A Cartoon Controversy
Bob McCown has been having fun blasting Brian Burke for his ridiculous comments on cap circumventing contracts. Here’s what Burke said:
“To make it clear, we made a very substantial offer to Brad Richards. What we offered I don’t think is material. We lost out on the Brad Richards sweepstakes for two reasons. One, we didn’t offer as much money as other teams. And more importantly, we didn’t structure it like other teams did. These deals that are front-loaded and have a small amount in the back end are, in my opinion, designed to circumvent the salary cap. I won’t do them. I never have. I’m not going to.”
Those contracts are accepted by the league on the basis that the players are going to serve the full term. That’s the only basis that they’re accepted by the league. If there is any understanding that the player is not going to serve the full term, they wouldn’t be accepted by the league. I personally do not believe the players are going to serve the term of their contracts. I’m not going to name names, but I do not believe players are going to play in 10 years who have signed them, or nine years, especially when the compensation for the final two years is one or two million dollars. I’ll be very anxious to see the explanations that occur when these players don’t serve out these contracts. That’s why I don’t do them. I don’t believe the players are going to serve the term. If that fact were known, I don’t think the NHL would accept them either.”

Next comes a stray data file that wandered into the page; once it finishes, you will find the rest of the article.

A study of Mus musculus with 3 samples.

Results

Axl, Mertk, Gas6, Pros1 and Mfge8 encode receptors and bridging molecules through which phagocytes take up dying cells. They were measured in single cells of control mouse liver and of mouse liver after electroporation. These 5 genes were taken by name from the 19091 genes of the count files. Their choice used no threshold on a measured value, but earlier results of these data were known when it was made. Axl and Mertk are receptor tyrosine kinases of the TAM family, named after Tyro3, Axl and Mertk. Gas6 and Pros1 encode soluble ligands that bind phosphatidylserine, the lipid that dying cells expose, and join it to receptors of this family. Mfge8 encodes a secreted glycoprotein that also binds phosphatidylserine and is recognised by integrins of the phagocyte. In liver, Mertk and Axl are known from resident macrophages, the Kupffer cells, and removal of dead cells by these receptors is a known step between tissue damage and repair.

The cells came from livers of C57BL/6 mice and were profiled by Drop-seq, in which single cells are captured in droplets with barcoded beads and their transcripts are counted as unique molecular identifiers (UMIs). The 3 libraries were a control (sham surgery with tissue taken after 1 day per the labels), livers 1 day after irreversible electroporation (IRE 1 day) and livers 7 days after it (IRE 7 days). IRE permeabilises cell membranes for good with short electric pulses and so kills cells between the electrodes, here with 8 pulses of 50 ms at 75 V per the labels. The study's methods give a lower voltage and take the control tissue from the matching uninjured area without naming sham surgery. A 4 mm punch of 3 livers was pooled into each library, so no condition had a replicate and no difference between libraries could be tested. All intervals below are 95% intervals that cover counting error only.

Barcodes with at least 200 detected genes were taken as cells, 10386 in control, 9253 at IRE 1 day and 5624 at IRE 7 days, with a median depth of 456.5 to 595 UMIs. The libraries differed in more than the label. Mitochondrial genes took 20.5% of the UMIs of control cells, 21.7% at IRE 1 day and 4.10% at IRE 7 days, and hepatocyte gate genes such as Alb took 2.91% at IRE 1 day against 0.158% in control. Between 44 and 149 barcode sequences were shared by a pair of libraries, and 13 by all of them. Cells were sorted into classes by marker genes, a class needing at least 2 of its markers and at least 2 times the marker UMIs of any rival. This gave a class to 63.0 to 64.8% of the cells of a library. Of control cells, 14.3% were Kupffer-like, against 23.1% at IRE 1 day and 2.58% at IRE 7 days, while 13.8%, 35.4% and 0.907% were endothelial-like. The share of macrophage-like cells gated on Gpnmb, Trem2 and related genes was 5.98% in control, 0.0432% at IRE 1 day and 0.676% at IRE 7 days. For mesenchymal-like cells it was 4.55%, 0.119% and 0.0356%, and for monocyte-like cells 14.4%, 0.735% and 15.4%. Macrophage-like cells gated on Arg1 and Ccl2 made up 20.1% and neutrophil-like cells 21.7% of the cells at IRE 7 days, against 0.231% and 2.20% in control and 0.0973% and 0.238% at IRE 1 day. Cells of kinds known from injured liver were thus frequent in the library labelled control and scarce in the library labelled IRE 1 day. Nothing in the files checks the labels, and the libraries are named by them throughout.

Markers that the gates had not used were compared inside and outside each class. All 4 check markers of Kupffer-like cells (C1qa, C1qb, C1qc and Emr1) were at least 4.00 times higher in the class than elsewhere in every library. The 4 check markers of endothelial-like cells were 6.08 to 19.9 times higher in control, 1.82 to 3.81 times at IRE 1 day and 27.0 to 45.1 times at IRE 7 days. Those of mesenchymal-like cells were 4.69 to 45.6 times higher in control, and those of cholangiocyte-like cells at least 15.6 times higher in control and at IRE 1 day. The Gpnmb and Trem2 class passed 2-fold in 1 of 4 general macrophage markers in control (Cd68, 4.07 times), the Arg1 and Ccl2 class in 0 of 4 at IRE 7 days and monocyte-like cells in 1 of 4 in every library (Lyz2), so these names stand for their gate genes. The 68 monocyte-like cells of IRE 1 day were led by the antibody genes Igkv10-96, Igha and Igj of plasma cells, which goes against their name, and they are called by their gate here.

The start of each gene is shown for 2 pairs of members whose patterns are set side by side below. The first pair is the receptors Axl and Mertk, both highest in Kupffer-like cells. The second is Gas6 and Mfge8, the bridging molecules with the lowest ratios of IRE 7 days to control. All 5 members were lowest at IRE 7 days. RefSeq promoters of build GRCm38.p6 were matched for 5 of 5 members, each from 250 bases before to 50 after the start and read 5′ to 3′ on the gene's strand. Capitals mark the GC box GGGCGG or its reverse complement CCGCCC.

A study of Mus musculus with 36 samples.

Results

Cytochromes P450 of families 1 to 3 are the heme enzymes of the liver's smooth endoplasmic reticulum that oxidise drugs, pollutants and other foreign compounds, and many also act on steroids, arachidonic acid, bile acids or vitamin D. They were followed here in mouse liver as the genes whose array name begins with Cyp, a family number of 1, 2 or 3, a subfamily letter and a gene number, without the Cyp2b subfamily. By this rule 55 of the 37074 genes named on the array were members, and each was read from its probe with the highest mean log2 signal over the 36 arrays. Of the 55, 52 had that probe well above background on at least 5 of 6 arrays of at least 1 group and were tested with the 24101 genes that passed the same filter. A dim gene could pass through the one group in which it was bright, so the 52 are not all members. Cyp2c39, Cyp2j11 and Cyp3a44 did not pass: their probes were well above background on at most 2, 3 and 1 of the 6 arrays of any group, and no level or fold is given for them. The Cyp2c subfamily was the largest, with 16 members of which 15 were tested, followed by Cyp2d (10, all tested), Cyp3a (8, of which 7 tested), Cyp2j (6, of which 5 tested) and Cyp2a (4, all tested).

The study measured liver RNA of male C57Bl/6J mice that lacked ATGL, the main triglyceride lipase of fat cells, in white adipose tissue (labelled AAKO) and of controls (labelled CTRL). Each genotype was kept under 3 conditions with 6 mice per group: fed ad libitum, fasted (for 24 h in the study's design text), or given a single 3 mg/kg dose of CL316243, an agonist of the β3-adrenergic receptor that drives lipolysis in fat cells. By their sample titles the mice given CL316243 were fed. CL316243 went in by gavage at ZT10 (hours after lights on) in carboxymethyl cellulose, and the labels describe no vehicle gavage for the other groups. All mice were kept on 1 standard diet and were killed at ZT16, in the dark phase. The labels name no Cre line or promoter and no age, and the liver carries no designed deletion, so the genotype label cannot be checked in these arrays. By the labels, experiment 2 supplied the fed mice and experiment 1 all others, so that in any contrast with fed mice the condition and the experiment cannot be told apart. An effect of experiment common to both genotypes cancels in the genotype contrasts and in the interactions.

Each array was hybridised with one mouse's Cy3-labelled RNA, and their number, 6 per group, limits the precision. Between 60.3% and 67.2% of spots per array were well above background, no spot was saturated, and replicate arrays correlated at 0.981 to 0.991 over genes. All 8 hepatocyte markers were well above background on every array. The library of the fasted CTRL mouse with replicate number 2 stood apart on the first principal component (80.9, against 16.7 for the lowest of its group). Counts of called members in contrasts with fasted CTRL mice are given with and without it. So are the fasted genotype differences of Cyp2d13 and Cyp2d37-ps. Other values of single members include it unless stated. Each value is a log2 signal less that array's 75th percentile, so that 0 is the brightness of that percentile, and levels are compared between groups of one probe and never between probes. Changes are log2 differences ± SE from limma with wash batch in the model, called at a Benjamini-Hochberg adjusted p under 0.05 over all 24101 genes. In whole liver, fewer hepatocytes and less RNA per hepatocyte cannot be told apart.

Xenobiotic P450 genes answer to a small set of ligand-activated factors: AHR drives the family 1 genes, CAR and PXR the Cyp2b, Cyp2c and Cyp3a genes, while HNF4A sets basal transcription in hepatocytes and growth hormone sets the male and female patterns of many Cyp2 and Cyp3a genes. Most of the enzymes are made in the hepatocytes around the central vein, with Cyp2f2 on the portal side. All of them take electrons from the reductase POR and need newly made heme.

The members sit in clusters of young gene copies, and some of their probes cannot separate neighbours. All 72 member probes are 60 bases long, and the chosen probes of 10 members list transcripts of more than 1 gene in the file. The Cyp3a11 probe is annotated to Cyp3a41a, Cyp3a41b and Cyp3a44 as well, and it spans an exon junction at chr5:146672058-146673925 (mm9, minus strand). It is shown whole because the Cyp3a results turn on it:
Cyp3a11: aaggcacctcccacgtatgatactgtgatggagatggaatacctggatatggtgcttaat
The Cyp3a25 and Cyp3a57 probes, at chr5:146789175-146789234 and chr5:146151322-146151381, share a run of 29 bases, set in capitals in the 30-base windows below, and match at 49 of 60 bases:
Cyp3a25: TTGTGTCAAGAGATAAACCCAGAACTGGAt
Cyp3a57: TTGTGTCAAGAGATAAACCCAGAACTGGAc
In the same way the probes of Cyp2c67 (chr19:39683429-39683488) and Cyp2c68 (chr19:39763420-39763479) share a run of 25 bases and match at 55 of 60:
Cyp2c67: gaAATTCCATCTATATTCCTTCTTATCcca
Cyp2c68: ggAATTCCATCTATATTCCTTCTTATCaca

McCown’s position is that the league has ruled on this issue and therefore it is not cap circumvention. It is, McCown asserts, Burke’s obligation to use whatever loophole is available if it helps his team win. Burke’s unwillingness to take advantage of the rules because he disagrees ethically with them is very nearly a dereliction of duty.
This story – and the scandal of being in Kandahar on July 1st – is the cartoon Brian Burke at his best (or worst depending upon your point of view). It is all irrelevant nonsense. The cartoon Brian Burke is placed firmly on the high road while the real Brian Burke knows the subways like the back of his hand. The cartoon Brian Burke is criticised for being too noble and the real Brian Burke should be lashed for insulting our intelligence this way.
Brian Burke made it clear a long time ago that he did not think long term deals for older players worked out very often. They almost never did under the old CBA when all the free agents were Richard’s age. Never mind the tail on Brad’s contract – he’s very unlikely to be worth what they are paying him in the first six years. Tacking a fantasy three years onto a bad contract does not turn it into a good one. (I think Richards is still a good player, but I’m not sure he is worth a $6.5 MM cap hit even today. I’m really sure he won’t be worth it about two years from now.)
It is very easy for Burke to declare that he is ethically opposed to cap circumvention when the only way to circumvent the cap is to offer contracts he isn’t prepared to offer anyway. He isn’t willing to “cheat” because he doesn’t think “cheating” is going to help his hockey team beyond the very short term. As always with Brian Burke his actions (or inaction) make sense and his pronouncements about same are total bullshit.
It would be very easy to express this opinion tactfully and honestly – “We dropped out of the auction when the money and term stopped making sense to us” – but that’s not Burke’s style.
Not when he can send cartoon Brian Burke out there to stir up a cartoon controversy on Talk Radio.
Postscript: I hope that Mike Gillis has learned this lesson with the Luongo contract. A couple of years later and its feeling a lot less like a good deal, isn’t it?